UAlbany NanoCollege licenses silicon/silicide chemistry and branched nanostructure for advanced Li-ion batteries to spin-out
|BESS Technologies anode performance, capacity vs. cycle number. Source: BESS Tech. Click to enlarge.|
The College of Nanoscale Science and Engineering (CNSE) of the University at Albany in New York has licensed a silicon/silicide nanostructured anode technology developed there for Li-ion batteries to spin-out company BESS Technologies. The agreement enables BESS to begin to commercialize and to scale-up the technology.
BESS (Battery Energy Storage Systems) Technologies is a component design and engineering firm started by a group of CNSE graduate students in 2010. The CEO and co-founder is Dr. Fernando Gómez-Baquero, a nanoengineer and economist with more than 10 years experience in nanotechnology research and in launching nanotechnology startups. Issac Lund, the CTO, is one of the co-inventors on the technology patent.
The technology represents another approach to enabling the use of silicon-based anode materials to enable a significant increase in battery capacities; the graphite used in the anodes of many current Li-ion batteries has a capacity of around 372 mAh g-1, while silicon theoretically offers a capacity of more than 4,000 mAh g-1. However, silicon undergoes major expansion during the insertion of Li ions, and the stress causes the silicon to degrade over time, resulting in poor lifetime and degrading battery capacity. Numerous research groups are exploring ways to counteract that property to enable a commercially viable silicon anode material. (Earlier post.)
Working at CNSE’s Albany NanoTech Complex, the BESS team developed an innovative process to build branched nanostructures which offer significantly increased energy storage capacity, faster charging rates, and a longer lifetime. The branched, flexible nanowires relieve the stress of lithium ion insertion. These structures offer several advantages, the researchers claim:
The surface area of the branched nanostructures is increased significantly over that of thin film or non-branched nanostructures of the same footprint.
The flexibility of these nanostructures mitigates the problems with stressing due to their ability to flex. This allows for the required expansion area needed for lithium insertion and silicon expansion.
Each branch of the nanostructure is connected to a trunk structure and each trunk is well-connected to the substrate electrically and mechanically. The branched nature of the nanostructures of the invention allows for a higher anode density, thus requiring less area for same charging capacity.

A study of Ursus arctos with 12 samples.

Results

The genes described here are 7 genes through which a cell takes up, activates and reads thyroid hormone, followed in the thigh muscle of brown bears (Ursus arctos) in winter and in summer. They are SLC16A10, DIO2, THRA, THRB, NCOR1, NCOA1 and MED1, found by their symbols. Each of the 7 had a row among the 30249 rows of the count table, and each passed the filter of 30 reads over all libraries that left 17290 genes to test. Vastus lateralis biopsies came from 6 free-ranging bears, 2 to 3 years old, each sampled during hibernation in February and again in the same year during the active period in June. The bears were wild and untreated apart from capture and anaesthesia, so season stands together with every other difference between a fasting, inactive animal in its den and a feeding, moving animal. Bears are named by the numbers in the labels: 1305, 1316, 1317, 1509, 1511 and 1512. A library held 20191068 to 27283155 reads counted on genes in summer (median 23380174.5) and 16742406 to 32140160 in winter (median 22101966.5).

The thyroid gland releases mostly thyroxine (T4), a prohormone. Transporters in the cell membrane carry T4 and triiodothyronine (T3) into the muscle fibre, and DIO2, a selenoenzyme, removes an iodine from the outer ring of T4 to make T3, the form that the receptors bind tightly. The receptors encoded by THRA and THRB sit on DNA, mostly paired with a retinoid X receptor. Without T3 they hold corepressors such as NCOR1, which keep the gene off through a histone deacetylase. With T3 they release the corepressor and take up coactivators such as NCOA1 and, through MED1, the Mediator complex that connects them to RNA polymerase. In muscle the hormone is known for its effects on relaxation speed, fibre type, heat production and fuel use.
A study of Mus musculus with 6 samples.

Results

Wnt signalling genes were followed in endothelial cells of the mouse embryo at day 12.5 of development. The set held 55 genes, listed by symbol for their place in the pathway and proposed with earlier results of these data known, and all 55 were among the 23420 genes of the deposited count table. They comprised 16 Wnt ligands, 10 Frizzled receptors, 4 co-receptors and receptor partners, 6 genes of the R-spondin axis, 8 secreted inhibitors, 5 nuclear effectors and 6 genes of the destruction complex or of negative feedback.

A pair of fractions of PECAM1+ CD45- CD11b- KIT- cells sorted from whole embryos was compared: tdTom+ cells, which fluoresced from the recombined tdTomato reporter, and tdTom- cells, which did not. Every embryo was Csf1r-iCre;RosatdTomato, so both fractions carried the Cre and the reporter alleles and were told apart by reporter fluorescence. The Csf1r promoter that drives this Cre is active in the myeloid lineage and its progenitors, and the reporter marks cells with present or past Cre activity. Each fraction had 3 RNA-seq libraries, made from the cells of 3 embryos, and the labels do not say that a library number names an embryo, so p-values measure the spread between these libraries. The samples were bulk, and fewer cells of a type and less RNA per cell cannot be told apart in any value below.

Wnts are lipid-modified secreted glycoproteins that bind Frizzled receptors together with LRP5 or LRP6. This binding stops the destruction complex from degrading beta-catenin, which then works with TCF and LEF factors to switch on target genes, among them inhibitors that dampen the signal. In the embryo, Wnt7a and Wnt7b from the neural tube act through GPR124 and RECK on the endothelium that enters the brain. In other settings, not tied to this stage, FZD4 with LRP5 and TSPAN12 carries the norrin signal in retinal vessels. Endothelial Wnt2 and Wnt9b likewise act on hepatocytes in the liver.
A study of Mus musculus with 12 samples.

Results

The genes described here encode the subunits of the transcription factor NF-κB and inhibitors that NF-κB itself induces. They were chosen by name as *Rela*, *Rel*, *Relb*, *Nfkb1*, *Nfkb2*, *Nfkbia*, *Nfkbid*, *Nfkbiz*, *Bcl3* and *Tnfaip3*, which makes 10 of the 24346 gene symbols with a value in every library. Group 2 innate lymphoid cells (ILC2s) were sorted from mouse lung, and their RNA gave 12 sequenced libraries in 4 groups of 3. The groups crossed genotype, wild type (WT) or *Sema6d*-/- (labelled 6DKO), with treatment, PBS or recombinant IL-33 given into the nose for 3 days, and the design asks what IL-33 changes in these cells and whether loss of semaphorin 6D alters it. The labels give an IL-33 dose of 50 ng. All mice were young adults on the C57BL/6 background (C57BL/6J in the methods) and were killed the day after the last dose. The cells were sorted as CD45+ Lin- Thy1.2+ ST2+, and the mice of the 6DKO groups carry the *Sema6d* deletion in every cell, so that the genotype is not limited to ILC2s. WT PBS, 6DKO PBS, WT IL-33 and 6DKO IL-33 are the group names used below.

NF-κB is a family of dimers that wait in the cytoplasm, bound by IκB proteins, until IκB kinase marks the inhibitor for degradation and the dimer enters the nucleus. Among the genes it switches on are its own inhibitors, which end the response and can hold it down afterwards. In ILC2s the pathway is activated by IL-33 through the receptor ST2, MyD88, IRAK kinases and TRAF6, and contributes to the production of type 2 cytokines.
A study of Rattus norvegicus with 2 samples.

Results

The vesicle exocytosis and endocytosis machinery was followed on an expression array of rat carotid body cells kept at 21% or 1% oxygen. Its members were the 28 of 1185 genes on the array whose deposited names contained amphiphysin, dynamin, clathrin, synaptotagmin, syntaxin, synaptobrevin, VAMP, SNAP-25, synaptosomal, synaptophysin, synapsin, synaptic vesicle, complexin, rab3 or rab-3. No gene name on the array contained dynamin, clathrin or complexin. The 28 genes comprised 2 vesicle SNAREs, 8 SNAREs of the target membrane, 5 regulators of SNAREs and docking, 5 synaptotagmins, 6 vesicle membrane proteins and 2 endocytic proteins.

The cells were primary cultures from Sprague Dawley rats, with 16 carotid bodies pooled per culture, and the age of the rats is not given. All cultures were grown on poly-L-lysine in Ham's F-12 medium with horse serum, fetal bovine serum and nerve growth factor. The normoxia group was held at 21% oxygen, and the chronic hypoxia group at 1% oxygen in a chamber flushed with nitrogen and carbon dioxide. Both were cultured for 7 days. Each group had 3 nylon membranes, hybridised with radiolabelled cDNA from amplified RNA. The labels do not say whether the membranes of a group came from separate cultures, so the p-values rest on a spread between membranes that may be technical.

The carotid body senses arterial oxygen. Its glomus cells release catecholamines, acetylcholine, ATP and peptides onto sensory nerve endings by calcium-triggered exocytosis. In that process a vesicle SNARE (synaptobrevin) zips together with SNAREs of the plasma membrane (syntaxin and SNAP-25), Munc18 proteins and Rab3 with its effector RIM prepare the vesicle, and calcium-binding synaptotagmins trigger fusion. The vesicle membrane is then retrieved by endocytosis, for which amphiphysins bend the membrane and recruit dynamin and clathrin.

|An illustration of the branched nanostructure from the patent document. Click to enlarge.|
The core of the nanostructure is a resistive semiconducting material and the shell is a lower-resistance current collecting material; the current transfer occurs in the shell, not in the core. This nanostructure is then coated with an electroactive or electrically conductive coating that acts as the capacitive material. The anode technology does not require the use of carbon or any type of binder, unlike some other silicon anode technologies under development.
Incorporation of catalyst particles into nanostructures changes the electrical and/or chemical characteristics of the outside shell. As an example, the conductivity of a nickel silicided nanostructure can be adjusted by changing growth parameters to make the silicided region thicker. An additional surface coating may also be utilized to change the nanostructures’ properties.
The BESS Tech team has submitted a paper with more details regarding the technology to the Journal of Power Sources, according to Gómez-Baquero, who says that BESS is now consistently obtaining around 1,200 mAh g-1 with very stable behavior that goes beyond 500 cycles. The JPS paper will describe some half cells that were tested beyond 1,000 cycles. The team has charged at 5C-10C without damaging the anode.
BESS is not a materials company, Gómez-Baquero emphasizes. The company designs components such as the anode, tweaking the manufacturing “recipe”—i.e., controlling the process parameters—to improve their performance. The company is are working to make several “recipes” based on the same nanoengineering core knowledge he said.
We license designs (recipes) to manufacturers. Some manufacturers prefer to use their own equipment to manufacture, in which case we help them lay out production plans. Other manufacturers prefer to receive a fully manufactured anode, in which case we seek the help of a foundry (outsourced manufacturer). We are currently working with two companies in NY State that want to pursue this foundry model.—Dr. Gómez-Baquero
In addition to the licensing agreement, BESS will have continued access to the cleanrooms, laboratories and tooling at CNSE, providing further stability as the company grows.
CNSE has already assisted BESS in obtaining more than $800,000 in funding through technology programs offered by the New York State Energy Research and Development Authority (NYSERDA) and the National Science Foundation’s (NSF) Partnerships for Innovation program.
The UAlbany CNSE is dedicated to education, research, development and deployment in the emerging disciplines of nanoscience, nanoengineering, nanobioscience and nanoeconomics.